Jolene LeVahn and three of her Blaine neighbors grabbed their coffee and popped open folding chairs at the end of their driveways.
A global pandemic that is forcing people to hibernate was no reason to give up a neighborhood get-together. So on this afternoon, the kitchen table gathering was going curbside, with asphalt and a front lawn separating the friends.
“It’s was just nice to see each other,” LeVahn said.
All across the country, prescribed social distancing has become the new norm as health and government officials scramble and strain to slow the spread of the coronavirus. And the reminders are nearly everywhere: Nothing is the same as it was just two weeks ago.
Schools are closed, sports seasons have stopped and main streets are nearly empty after bars, restaurants and most businesses were ordered closed. Millions of people have lost jobs, millions more have been told to work from home.
Seven-year-olds who beg for a play date now video chat. Gym rats work out to YouTube videos. Book clubs, yoga classes and church groups connect via videoconferencing apps. Commuter congestion is gone.
An electronic billboard alongside the highway flashes a succession of messages to wash hands for 20 seconds, cover coughs and sneezes, stay home if you’re ill and avoid close contact with those who are sick.
Neighborhoods are eerily quiet even though school is out and many parents are home.
In Stillwater, Annie Cashman, a self-described extrovert, merely waves to her neighbor rather than walk over to chat. Neighbors out for a walk pass by without stopping.
“It’s very quiet,” Cashman said.
Cashman suspected this was coming.
More than a week ago, while on a spring break trip to Lutsen Mountains Ski Resort, she was overcome by a wave of panic as she rode the chair lift. If the virus continued to spread, she thought, “life was going to change.”
Cashman no longer goes to the office, and her social outings have been canceled. Now, she spends her days with her 7-year-old son and 5-year-old daughter, taking in simple joys and pleasures, such as watching her daughter maneuver a ball with her lacrosse stick in their backyard, or walking the family dogs and getting more daily exercise.
“This is exactly what I need to be doing,” she said. “I might get a month here to be with them. It’s what I’ve been craving.”
“My daughter is learning to ride her bike and my son has a new bike from Christmas. They were so happy that it was 5 p.m. and mom was home to hang out with them. For me personally, it’s a big wake-up call.”
Busy lives everywhere have suddenly slowed.
In Minneapolis, Robin Ganser and his two children, fifth-grader Lydia and first-grader Holden, get outside every day — sometimes walking around the lakes, strolling through a local cemetery or stopping at a friend’s home for a porch-curbside chat.
On nearby trails, walkers and runners flock to parks, making a normal workday look like a weekend. All the while, they keep their distance, giving a wide berth as they pass.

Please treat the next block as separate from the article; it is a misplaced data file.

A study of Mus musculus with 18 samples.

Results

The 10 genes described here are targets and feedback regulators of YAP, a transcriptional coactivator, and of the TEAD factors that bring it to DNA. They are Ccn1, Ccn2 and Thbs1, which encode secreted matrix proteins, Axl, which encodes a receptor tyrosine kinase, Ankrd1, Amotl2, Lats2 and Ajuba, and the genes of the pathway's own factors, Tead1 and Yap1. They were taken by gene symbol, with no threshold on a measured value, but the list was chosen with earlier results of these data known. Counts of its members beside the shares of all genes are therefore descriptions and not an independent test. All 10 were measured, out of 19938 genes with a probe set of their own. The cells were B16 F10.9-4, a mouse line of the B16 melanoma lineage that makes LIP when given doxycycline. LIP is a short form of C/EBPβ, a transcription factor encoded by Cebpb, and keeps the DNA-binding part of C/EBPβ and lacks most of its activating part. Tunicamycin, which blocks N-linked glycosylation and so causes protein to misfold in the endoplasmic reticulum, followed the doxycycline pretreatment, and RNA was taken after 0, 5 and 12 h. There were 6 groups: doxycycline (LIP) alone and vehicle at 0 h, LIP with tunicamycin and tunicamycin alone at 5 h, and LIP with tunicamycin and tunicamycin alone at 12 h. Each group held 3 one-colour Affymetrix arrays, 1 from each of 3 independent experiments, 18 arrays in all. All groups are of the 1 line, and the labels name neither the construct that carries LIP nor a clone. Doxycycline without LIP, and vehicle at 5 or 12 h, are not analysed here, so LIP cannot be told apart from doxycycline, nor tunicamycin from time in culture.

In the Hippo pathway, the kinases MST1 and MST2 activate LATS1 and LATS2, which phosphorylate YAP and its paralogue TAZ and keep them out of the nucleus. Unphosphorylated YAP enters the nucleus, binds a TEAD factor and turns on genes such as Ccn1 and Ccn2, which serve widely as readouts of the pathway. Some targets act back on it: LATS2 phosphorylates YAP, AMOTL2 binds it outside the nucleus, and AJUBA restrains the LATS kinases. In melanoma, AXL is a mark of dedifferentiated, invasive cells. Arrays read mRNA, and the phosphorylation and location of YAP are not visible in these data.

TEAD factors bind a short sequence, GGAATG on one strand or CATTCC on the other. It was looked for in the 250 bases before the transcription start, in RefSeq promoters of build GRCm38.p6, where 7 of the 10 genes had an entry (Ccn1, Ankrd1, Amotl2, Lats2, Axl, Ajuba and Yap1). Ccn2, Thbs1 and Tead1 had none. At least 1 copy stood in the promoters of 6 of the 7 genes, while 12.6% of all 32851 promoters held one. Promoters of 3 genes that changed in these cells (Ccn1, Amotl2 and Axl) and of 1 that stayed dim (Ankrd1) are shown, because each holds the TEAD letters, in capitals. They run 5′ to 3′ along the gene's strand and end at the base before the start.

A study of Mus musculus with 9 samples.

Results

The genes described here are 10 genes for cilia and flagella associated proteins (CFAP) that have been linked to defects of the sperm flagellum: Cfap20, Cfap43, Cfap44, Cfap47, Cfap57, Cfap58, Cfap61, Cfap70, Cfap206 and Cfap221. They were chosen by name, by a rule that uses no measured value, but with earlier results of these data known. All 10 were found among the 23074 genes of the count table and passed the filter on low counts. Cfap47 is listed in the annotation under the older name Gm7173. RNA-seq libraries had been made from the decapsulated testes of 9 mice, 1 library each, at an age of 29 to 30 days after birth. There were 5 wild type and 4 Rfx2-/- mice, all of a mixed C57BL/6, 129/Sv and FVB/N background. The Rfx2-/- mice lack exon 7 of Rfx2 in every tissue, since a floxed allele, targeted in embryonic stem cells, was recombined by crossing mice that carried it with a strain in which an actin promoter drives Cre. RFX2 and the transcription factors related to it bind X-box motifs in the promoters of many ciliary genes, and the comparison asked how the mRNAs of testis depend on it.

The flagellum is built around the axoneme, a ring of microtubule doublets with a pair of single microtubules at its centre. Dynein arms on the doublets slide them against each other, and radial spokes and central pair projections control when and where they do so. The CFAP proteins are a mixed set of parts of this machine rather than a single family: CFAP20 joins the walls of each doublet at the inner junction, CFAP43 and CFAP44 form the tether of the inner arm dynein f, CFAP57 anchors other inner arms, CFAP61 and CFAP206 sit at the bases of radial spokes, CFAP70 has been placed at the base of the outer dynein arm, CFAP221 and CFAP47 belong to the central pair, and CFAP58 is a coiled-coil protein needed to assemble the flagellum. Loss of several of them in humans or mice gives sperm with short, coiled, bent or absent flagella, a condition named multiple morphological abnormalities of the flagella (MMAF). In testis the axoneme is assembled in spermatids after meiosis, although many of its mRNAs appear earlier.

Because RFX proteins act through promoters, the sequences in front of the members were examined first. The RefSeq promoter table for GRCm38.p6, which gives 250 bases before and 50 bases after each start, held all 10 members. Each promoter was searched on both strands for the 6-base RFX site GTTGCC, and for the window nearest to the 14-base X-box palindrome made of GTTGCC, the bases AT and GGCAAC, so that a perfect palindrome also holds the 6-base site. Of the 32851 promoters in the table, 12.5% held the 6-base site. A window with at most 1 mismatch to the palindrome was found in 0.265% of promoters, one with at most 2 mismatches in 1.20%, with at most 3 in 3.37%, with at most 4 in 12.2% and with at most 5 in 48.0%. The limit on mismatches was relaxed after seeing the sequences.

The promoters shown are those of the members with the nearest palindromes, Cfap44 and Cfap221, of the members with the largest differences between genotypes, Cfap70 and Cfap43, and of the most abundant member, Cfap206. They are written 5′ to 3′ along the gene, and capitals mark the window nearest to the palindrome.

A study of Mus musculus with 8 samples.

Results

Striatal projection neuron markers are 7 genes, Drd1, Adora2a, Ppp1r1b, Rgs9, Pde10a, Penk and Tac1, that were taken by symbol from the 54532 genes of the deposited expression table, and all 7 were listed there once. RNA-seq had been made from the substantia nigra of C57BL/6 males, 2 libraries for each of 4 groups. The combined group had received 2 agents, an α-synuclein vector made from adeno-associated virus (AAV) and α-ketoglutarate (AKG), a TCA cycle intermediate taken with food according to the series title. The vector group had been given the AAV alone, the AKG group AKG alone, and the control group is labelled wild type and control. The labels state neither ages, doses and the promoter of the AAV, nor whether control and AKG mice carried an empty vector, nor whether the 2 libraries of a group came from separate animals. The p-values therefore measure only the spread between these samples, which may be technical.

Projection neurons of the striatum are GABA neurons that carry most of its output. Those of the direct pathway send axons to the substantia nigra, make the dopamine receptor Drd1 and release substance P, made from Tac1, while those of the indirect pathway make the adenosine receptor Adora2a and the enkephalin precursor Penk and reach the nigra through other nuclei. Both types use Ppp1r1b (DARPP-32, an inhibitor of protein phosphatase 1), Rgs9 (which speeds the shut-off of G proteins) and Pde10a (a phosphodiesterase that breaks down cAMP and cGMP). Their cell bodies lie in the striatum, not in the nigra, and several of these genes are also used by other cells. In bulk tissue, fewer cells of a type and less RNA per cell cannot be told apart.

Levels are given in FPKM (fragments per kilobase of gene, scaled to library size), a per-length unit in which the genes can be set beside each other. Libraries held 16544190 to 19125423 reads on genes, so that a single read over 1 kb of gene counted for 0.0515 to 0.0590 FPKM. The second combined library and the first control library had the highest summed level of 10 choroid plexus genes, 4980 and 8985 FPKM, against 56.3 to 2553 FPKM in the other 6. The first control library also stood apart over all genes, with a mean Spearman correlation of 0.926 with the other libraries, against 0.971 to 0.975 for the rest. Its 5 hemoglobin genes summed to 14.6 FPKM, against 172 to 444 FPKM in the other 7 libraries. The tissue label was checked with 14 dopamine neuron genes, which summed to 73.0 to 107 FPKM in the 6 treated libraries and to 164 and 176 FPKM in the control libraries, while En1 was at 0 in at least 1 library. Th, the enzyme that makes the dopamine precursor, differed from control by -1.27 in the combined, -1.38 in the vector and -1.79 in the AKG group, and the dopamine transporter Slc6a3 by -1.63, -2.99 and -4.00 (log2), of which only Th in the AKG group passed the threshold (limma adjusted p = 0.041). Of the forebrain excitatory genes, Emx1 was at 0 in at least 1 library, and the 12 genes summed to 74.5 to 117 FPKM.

“They’re not unfriendly,” said Peter Krause, a regular at Nokomis. he said. “They say ‘hi.’ But people are being respectful of space.”
Still, for many, it’s also a terrifying time as the virus threatens lives and livelihoods.
Fear and confusion have seeped into daily life. A cough or sneeze in public that once might be dismissed now prompts wary eyes to look for the offender. Sniffles or a cough have the afflicted wondering whether they have a seasonal cold or the sometimes-lethal virus. They turn to the internet, scouring for answers.
What are COVID-19 symptoms? Is it safe to handle mail or open the package delivered to their porch? Is there a DIY recipe for hand sanitizer now that it’s a scarce commodity?
“I’m not an anxious person, but I feel anxiety ramping up,” Katy Becker said as a light drizzle fell during a recent walk around Lake Nokomis with her toddler bundled up in a stroller. “I’m really worried about my parents. They’re healthy but they’re in their 70s. I wake up at night and I can’t get back to sleep.”
Amid the uncertainty, there’s panic. People swarm stores, sweeping canned soups, pasta and toilet paper off the shelves.
“It’s a fear response,” said Dr. Kaz Nelson, assistant professor in the Department of Psychiatry at the University of Minnesota. “For our ancestors it was fear of being attacked by a bear or a lion.”
Now, it’s an invisible virus.
“We’re being told it’s a life-or-death issue so the stakes are very high,” Nelson said. Fear, panic and paralysis are universal responses, she added.
There’s a sadness, too, as significant events, such as funerals and meaningful once-in-a-lifetime moments such as weddings and graduations are postponed or canceled.
“People are suffering immensely,” Nelson said.
How long lives will be upended is uncertain, said Malia Jones, an assistant scientist at University of Wisconsin-Madison’s Applied Population Laboratory.
“It depends how firm we can be with social distancing,” she said. “We need to stop infecting people. We just need to pause and slow it down. The world has never seen anything like this.”
And when life returns to normal, there’s hope that some changes forced on people will take hold. Maybe they will forever sing “Happy Birthday” to achieve 20 seconds of hand washing, or actually stay home when they’re sick. Telecommuting and teleconferencing could become the norm.
They may also slow down, taking notice of what they were missing because they were too busy to see.
“We often go through life on automatic,” said the U’s Nelson. “This pause has made me realize what is important.”